Call it a wild perversity or a wild optimism, but they were right, our ancestors, to celebrate what they feared.  What I fear, I avoid.  What I fear, I pretend does not exist.  What I fear is quietly killing me.

Jeanette Winterson’s “The Green Man” is a story told from the perspective of a cynical, world-weary father and husband, as he explores a Midsummer festival with his wife and daughter.  He walks with them throughout the fair, making bitter observations and feeling disconcerted with the path his life has taken.  He mourns the loss of intimacy with his wife and feels that he “shuffles behind [her] clutching the bills and tool box.”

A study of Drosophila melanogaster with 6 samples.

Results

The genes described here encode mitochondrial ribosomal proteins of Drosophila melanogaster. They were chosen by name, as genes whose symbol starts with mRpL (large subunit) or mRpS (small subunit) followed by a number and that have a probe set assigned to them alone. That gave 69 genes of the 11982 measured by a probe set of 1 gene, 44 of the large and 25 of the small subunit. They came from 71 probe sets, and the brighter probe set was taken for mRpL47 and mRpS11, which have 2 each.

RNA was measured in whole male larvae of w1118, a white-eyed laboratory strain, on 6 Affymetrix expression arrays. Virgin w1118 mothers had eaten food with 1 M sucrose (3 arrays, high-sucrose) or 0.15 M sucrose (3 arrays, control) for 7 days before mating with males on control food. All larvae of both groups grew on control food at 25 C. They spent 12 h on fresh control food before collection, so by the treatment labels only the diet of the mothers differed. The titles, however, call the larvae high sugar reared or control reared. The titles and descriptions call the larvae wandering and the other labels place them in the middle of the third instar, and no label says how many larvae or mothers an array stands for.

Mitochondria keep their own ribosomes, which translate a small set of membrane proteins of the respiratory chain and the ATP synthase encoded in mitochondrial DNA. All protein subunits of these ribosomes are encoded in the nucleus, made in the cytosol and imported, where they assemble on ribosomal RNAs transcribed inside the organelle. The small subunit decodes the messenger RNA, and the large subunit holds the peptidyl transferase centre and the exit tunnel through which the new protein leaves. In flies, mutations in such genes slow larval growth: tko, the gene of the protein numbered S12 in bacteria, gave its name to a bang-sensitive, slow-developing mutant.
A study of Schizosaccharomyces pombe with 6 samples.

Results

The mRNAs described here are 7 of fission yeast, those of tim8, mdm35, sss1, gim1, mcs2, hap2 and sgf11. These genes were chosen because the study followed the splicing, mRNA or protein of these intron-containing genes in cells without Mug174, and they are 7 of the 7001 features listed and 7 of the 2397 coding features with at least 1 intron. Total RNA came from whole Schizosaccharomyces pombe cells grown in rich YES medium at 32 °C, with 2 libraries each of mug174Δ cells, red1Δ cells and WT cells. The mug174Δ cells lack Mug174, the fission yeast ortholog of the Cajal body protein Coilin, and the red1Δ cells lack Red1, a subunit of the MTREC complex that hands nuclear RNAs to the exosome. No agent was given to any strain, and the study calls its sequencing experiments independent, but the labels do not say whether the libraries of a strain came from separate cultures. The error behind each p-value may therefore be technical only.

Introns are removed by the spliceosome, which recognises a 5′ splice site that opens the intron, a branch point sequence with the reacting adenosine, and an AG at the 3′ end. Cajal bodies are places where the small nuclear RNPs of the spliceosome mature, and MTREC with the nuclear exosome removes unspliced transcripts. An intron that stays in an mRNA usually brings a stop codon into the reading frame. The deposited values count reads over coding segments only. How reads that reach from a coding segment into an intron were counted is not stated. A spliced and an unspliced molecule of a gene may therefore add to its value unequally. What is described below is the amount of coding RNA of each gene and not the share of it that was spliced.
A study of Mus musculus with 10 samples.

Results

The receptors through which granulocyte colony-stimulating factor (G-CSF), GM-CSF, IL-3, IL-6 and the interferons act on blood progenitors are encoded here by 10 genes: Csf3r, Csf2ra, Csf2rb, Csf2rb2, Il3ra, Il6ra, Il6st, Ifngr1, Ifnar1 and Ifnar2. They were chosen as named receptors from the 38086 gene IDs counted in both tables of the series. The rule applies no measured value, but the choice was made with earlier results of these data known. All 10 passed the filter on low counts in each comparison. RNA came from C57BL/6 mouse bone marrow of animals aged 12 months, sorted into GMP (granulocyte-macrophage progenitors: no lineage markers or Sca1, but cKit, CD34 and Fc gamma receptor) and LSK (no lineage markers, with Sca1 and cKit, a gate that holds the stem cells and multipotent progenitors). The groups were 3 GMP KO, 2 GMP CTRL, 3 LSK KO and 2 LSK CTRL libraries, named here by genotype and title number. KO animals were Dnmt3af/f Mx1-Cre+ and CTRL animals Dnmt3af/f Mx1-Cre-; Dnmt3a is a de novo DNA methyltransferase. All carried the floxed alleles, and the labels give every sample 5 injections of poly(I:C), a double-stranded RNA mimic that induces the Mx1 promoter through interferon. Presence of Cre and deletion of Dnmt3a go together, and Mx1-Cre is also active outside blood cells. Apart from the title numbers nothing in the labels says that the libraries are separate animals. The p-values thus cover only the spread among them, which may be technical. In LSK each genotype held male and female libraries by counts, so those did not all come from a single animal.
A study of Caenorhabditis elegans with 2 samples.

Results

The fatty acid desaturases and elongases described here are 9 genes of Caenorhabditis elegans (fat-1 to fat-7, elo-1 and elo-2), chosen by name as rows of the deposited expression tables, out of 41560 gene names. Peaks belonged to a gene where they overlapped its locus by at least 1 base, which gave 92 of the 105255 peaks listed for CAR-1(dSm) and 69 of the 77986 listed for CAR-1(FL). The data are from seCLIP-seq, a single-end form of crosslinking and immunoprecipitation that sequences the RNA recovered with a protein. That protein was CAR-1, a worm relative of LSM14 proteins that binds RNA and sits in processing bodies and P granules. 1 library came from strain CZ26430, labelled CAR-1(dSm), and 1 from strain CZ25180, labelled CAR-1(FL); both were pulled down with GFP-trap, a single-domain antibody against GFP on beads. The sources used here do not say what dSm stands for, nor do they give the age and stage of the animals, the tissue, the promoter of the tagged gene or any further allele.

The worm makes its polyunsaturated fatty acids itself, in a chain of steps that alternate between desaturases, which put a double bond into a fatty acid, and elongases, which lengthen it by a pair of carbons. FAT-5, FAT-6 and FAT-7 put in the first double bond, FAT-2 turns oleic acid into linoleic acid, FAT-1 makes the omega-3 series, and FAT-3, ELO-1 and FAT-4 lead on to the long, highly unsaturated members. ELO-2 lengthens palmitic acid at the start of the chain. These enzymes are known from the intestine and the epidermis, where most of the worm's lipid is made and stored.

The archetype of the Green Man is found in many cultures.  Dionysus and Bacchus are some of his other names.  He is found in Turkish myth, in Nepal, India, and Lebanon, among others.  Consistently he symbolizes nature and agriculture, as well as drunkenness and sexual inhibition.

The narrator in “The Green Man” reminisces about past Midsummer festivals, where he felt so much freer, wishing he could go back to those times.  He’s tired of his lackluster marriage, tired of feeling inferior to his wife’s success and determination.  When he finds himself facing an opportunity to break from his spiritless and loveless marriage, even temporarily, he takes it.  Drawn in by a beautiful woman, he loses himself for a few hours, caught up in the mysticism and aura of the fair.  He falls under the Green Man’s spell, and for a short moment, feels alive again.